John Virtue

In 1978 John Virtue had been living in Green Hawarth, a remote Lancashire village, for seven years. During that time he had struggled to find a way forward as an artist and had become discouraged by a growing sense of failure. Finally, he decided to destroy all his previous work created.

That destruction was to prove a liberation. On 10 April this same year, he resolved: ‘Now is the time to become a real artist.’ It was a memorable turning point. He decided that the surrounding landscape would form his subject and that in his response to it there would be no doubt, no equivocation.

Eliminating brushes, colour, paint and canvas – all of which seemed extraneous to the direct means of expression he was seeking – he began again by making small pencil or charcoal drawings during regular walks. These images, he determined, would unfold like a visual diary. With this pledge, Virtue decided the course of his art. It commenced a journey that continues to the present day.

During the ensuing four decades, Virtue has forged a distinctive artistic path. Drawings made in the landscape have continued to be the primary source for larger works created in the studio. There, the images preserving his original experiences yield a second phase of imaginative and expressive engagement that goes far beyond each observed motif.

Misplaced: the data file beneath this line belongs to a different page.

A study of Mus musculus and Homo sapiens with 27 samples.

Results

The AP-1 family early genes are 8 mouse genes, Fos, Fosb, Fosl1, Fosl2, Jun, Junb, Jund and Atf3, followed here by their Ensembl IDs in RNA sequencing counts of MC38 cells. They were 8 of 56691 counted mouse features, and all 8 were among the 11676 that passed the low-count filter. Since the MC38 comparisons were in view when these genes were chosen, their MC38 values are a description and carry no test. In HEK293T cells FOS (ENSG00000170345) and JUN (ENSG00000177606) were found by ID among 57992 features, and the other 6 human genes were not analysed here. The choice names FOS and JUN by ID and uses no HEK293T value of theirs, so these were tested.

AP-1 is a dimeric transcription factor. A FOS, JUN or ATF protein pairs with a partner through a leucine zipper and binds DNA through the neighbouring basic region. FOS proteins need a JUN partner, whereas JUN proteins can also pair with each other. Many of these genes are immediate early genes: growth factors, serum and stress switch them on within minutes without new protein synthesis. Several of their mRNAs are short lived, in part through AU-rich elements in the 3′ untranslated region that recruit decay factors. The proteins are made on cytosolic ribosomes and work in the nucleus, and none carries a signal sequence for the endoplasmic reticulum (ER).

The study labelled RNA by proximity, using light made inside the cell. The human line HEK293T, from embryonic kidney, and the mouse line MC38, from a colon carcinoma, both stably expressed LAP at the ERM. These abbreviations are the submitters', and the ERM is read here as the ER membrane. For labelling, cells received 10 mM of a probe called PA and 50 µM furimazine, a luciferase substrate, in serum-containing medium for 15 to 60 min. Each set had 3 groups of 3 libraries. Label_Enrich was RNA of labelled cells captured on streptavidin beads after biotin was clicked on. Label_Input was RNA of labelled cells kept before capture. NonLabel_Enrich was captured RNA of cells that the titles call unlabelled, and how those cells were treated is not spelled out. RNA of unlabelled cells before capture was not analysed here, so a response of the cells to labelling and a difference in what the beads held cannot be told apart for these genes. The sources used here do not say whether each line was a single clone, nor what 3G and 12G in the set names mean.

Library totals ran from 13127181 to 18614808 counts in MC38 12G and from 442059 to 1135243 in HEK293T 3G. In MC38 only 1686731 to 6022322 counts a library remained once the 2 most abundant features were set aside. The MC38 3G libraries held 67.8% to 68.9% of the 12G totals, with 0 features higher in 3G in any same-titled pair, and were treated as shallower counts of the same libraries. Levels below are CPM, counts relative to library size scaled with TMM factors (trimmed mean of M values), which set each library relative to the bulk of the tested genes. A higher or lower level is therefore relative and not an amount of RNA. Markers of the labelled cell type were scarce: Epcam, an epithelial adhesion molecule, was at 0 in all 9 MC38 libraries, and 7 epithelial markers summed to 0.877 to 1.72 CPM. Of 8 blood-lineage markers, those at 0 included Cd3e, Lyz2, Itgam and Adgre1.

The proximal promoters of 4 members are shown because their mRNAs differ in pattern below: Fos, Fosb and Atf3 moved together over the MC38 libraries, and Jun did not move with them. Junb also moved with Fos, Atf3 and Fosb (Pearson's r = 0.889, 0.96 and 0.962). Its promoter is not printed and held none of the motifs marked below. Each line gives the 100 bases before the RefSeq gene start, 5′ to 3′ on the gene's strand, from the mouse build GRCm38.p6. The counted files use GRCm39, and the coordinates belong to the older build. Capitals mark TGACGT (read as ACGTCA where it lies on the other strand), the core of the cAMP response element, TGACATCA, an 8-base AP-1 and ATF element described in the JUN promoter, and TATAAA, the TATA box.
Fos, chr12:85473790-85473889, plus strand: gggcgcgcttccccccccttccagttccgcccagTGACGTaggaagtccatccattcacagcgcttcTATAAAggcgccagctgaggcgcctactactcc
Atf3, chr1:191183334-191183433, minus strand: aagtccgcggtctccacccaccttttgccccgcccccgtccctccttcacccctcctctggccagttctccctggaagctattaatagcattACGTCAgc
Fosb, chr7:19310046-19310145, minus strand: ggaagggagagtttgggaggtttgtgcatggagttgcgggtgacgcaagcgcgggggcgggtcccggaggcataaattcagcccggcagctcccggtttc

Combining walking, drawing, abstraction and radical improvisation, Virtue’s dynamic process has produced a body of work that extends the tradition of landscape painting in unprecedented ways. Today, Virtue is widely regarded as one of Britain’s leading painters.

Paul Moorhouse has been closely associated with the artist for over twenty years and has written extensively on his work. In this lavishly illustrated book, he discusses the development of Virtue’s art from its beginnings and traces the artist’s close relationship with locations in Devon, Exeter, London, Italy and Norfolk.

As Moorhouse shows, these places have each generated a fresh artistic response, forming distinct episodes in an overarching vision. This is rooted in the landscapes that Virtue observes but also in deeper aspects of experience. For in Virtue’s art the passage of time, mortality and a will to express the intensity of each lived moment are abiding themes.